Two of the nation’s preeminent leaders in cancer research and policy took the stage Sunday morning at the Opening Ceremony of the American Association for Cancer Research Annual Meeting 2019.
Norman “Ned” Sharpless, MD, FAACR, and Douglas R. Lowy, MD, FAACR, discussed recent progress against cancer from the vantage point of the National Cancer Institute (NCI). Sharpless has served as director of the NCI since October 2017, and will soon leave the agency to become acting commissioner of the U.S. Food and Drug Administration (FDA). Lowy will take over as NCI acting director, a position he held from 2015-2017.
Sharpless and Lowy discussed the rapid pace of progress in cancer care, drug development, clinical trials, and research funding over the past few years, and vowed to continue the momentum in their new roles in Washington, D.C.
A look back with Dr. Sharpless …
“Each time I attend the AACR Annual Meeting, I compare the progress to years past—and I am reminded of the ‘bad old days’ of oncology care—a time when we had so little to offer our patients, when we had so little hope against aggressive cancers. But the tremendous progress we have made in the past few years is amazing,” Sharpless said.
“As a long-time cancer doctor, I find it really satisfying to note this progress. It is good news. But those of us working in this field today can’t take all the credit for this good news.”
Sharpless noted an old proverb: “We drink from wells we did not dig. We are warmed by fires we did not build.” Modern advances in cancer care and prevention are similarly based on research that began decades ago, and to ensure continued progress, we must honor the tenets of basic research while channeling them into future efforts, he said.
Sharpless praised the scientific advances that have led to decreasing cancer mortality since the 1990s. He said because of progress in early detection, screening, therapy, and prevention, the NCI predicts these strong declines in mortality will continue for many years to come.
Progress has been fueled by the increased pace of drug approvals by the FDA, Sharpless said, promising the crowd that he will continue to work for efficient approvals of cancer drugs when he takes over leadership of the FDA.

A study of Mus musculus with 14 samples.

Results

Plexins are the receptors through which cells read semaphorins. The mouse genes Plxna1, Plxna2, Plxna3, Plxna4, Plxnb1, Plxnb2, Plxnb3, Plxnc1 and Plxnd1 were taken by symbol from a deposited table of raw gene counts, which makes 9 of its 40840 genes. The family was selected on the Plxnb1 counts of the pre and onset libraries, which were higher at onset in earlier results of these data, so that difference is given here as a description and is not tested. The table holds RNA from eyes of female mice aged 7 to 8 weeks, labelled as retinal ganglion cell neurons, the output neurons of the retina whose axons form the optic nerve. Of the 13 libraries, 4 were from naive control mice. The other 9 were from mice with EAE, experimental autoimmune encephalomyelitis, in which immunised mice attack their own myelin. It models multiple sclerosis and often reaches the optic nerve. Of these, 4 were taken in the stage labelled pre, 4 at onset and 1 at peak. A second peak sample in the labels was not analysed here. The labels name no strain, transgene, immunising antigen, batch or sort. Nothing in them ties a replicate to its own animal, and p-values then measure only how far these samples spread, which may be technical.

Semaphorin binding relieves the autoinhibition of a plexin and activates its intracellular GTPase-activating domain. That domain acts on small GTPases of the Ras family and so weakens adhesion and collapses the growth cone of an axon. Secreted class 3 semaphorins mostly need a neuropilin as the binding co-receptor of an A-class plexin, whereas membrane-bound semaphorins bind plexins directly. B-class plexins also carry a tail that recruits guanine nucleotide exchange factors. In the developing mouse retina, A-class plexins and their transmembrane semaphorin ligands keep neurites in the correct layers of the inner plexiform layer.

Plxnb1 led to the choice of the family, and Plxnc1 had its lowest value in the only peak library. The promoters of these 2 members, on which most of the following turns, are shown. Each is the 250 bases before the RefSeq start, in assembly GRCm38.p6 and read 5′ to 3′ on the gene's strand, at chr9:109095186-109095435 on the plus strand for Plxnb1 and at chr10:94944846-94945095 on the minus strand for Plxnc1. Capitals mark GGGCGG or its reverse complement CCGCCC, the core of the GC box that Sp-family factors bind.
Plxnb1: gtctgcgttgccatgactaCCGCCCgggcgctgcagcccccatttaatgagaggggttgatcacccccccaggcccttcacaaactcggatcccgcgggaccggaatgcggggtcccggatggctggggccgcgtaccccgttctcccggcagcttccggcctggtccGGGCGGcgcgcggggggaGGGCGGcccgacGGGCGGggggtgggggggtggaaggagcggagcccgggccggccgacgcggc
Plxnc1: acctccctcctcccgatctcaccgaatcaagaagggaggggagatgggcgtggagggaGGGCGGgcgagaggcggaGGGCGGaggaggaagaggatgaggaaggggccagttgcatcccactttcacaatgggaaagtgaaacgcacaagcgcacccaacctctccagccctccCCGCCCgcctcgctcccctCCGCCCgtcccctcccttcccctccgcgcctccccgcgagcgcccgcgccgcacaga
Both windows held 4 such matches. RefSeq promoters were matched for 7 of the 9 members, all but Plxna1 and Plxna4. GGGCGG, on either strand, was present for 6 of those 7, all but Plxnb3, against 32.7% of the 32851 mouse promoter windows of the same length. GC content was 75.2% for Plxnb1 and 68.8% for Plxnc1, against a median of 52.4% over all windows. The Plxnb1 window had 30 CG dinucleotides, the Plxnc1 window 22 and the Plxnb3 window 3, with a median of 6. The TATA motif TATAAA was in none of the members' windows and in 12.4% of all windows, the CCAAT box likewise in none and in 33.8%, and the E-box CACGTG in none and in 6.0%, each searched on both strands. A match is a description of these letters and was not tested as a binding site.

Sharpless praised the growing diversity of the scientific workforce, using AACR membership as an example. AACR membership has risen by 20 percent, the number of women in the AACR is up by 30 percent, and the number of minority members is up 35 percent since 2015. This trend indicates tremendous potential for the future of cancer research, Sharpless said.
This growing pool of energetic young researchers needs consistent funding support, making it crucial that the NCI and the National Institutes of Health receive robust federal funding, he said. Recent NCI innovations in the grant process, such as extending grant periods to cut down on administrative duties and preserving paylines for early-career scientists, are among numerous initiatives aimed at ensuring the scientific workforce remains strong.
“The people, passion, and sense of mission at the NCI are spectacular, and I will miss the science and the excitement that permeates the NCI. And I will still be an oncologist when I get to FDA. And of course, I will not be giving up my AACR membership,” Sharpless noted.
… And a look ahead with Dr. Lowy
Lowy thanked Sharpless for his dynamic leadership and said he looks forward to working with him as they lead the NCI and the FDA.
Lowy told the audience that the number of grant applications sent to the NCI has grown significantly – about 50 percent since 2013. He said this indicates a strong flow of innovative ideas, however, the increased demand for grants is unlikely to be met by an NCI budget that has grown at a more modest rate.
“The truism that we always run out of funds before we run out of promising research ideas is even more valid today than in the past,” Lowy said.
Lowy played an important role in developing the National Cancer Moonshot Initiative that has set ambitious goals for cancer research and created some new funding mechanisms. However, increased competition for funding means that the overall budget for the NCI must also continue to grow, he said.
Lowy pointed out that President Trump announced in his State of the Union address that his budget proposal would ask Congress for $500 million over the next 10 years to fund research for children’s cancer. He said it will take a collaborative spirit to make the most of such funding opportunities, and to extend the benefit of research beyond individual institutions and on to successful treatments that are available for all.
“When we break down siloes and truly cooperate, we, as a community, can learn from every child,” he said.
Lowy said he looks forward to the policy sessions and research presentations taking place in Atlanta this week, and he views the AACR Annual Meeting as a way to foster the collaboration that is essential to future progress.
“The AACR meeting is a great opportunity to learn new things, to make new connections, as we build on previous discoveries. It can also be an opportunity for each of us to chart or refine the course by which we plan to contribute to the progress that we know lies ahead,” Lowy said.
“This week, let us all discover some new truths. Let us endeavor to drink from wells we did not dig. Let us warm ourselves by fires we did not build.”